One of these things is not like the others

Customizing terrorism preparedness to meet L.A. County's unique needs


     Operation Archangel: The Operation Archangel project, a critical infrastructure program piloted in Los Angeles, is designed to identify critical infrastructure targets and develop plans to protect them. Funded by a $3 million grant from the DHS Office for Domestic Preparedness, the program aims to prevent attacks by identifying potential targets and strengthening weak points in their overall security.

     The program, which is designed to be scalable to cities of all sizes, includes maps of high-profile targets in its database. The data repository also incorporates information on corresponding evacuation routes, each structure's proximity to hospitals and first responders, the location of possible hazmat issues within the facility and the estimated number of occupants.

     The LAPD developed Operation Archangel in 2003 and now heads the multi-agency expansion, which includes the LA County Sheriff's Department, city and county fire services, port police, airport police and the FBI.

     Counted among the project's protected sites are: water and power plants, media and communications venues, and transportation hubs considered critical to the city's everyday operations. Other sites such as Disneyland Resort, the STAPLES Center, Hollywood Boulevard and motion picture studios are safeguarded as well; though they are not critical to everyday operations, these sites represent lucrative economic terrorist targets.

Federal involvement

     But information sharing and advances in technology can only take terrorism preparedness so far; cooperation with other public safety entities drives the effort home. Protecting the greater Los Angeles area would not be complete without a little help from friends, or in this case ICE and CBP officials in Los Angeles-based field offices.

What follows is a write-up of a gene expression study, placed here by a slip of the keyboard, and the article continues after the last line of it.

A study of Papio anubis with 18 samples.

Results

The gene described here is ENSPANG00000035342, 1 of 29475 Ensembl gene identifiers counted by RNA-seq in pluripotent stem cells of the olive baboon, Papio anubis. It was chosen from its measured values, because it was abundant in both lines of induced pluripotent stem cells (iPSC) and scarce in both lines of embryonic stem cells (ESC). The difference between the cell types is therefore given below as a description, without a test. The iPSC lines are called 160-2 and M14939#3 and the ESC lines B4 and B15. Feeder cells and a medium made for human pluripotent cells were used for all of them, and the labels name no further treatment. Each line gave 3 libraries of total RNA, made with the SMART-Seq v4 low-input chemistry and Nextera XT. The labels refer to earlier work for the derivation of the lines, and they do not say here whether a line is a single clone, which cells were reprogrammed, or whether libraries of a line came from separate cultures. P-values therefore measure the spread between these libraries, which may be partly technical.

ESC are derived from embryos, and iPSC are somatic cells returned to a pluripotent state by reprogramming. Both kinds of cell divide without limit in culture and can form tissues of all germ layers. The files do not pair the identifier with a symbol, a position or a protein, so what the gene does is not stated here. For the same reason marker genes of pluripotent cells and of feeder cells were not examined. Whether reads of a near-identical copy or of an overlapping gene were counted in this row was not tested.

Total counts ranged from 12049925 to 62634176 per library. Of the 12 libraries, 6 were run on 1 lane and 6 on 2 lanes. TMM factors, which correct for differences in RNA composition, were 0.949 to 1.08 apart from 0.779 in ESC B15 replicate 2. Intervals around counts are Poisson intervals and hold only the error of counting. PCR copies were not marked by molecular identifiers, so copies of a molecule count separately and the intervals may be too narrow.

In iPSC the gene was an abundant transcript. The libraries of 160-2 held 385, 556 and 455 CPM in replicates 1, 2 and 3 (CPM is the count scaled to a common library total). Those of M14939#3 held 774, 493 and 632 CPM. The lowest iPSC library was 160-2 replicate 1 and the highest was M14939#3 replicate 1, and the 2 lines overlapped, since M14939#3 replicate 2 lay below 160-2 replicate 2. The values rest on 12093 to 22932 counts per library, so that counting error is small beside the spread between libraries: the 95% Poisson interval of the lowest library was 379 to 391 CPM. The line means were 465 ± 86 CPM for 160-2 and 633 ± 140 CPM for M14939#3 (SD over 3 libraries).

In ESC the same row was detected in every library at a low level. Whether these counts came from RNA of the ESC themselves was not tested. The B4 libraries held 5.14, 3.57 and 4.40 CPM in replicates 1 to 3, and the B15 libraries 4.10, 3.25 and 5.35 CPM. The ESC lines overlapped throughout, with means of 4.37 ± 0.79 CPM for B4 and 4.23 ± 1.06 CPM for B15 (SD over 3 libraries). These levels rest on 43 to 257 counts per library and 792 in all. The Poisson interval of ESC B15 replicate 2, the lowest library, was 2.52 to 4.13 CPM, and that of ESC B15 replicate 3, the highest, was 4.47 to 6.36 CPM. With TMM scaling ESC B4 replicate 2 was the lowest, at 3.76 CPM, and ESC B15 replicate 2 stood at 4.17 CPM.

"We are the largest investigative arm of the Department of Homeland Security while the CBP are the interdictors; they are responsible for holding the line, and securing airports and seaports," says Robert Schoch, special agent in charge at the ICE Los Angeles field office.

     There are 6,000 ICE agents nationwide and Los Angeles represents the largest of 26 field offices. ICE and CBP agents investigate immigration and customs violations, including human, weapons and narcotics trafficking. The two groups work in tandem: DBP is the uniformed arm and ICE is the investigative arm. ICE responds to all seaport and airport violations and those across the Mexican border.

     Since May 2006, ICE has combined its powerful tools with local law enforcement to address southern California's gang problem. More than 5,000 gang members have since been arrested. During a recent 90-day surge, ICE officials made 124 arrests of major gang leaders in the Los Angeles office. Half of them were federally prosecuted and will receive eight- to 10-year federal sentences. The other half will be processed for deportation.

     ICE meets quarterly with LAPD officials and the Los Angeles Mayor's Office to discuss issues related to human trafficking in prostitution and forced labor cases. Having the second busiest airport in the country — often called the gateway to Asia — a large emphasis is placed on interdiction and investigation of these crimes.

     Cooperative efforts have paid off. In fact, ICE and CBP agents from San Diego and Los Angeles joined forces in the largest seize of Mexican brown heroin in California's history — and the second largest in the United States. Authorities confiscated 120 pounds of the substance on Valentine's Day 2007.

     When one of these things is not like the others, only a customized solution will do. Through information sharing, cooperation and grants to fund new technologies, Los Angeles County has developed a specific solution to its unique Tier One situation.

     Linda Spagnoli is a law enforcement advocate in the areas of communication, child safety, officer safety and sex offender tracking. Her focus is on interagency data sharing, emergency communications, media relations and funding. Spagnoli maintains her position as director of communications for Code Amber, the largest Internet distribution of Amber Alerts. She may be reached at ljspagnoli@aol.com.

  • Enhance your experience.

    Thank you for your regular readership of and visits to Officer.com. To continue viewing content on this site, please take a few moments to fill out the form below and register on this website.

    Registration is required to help ensure your access to featured content, and to maintain control of access to content that may be sensitive in nature to law enforcement.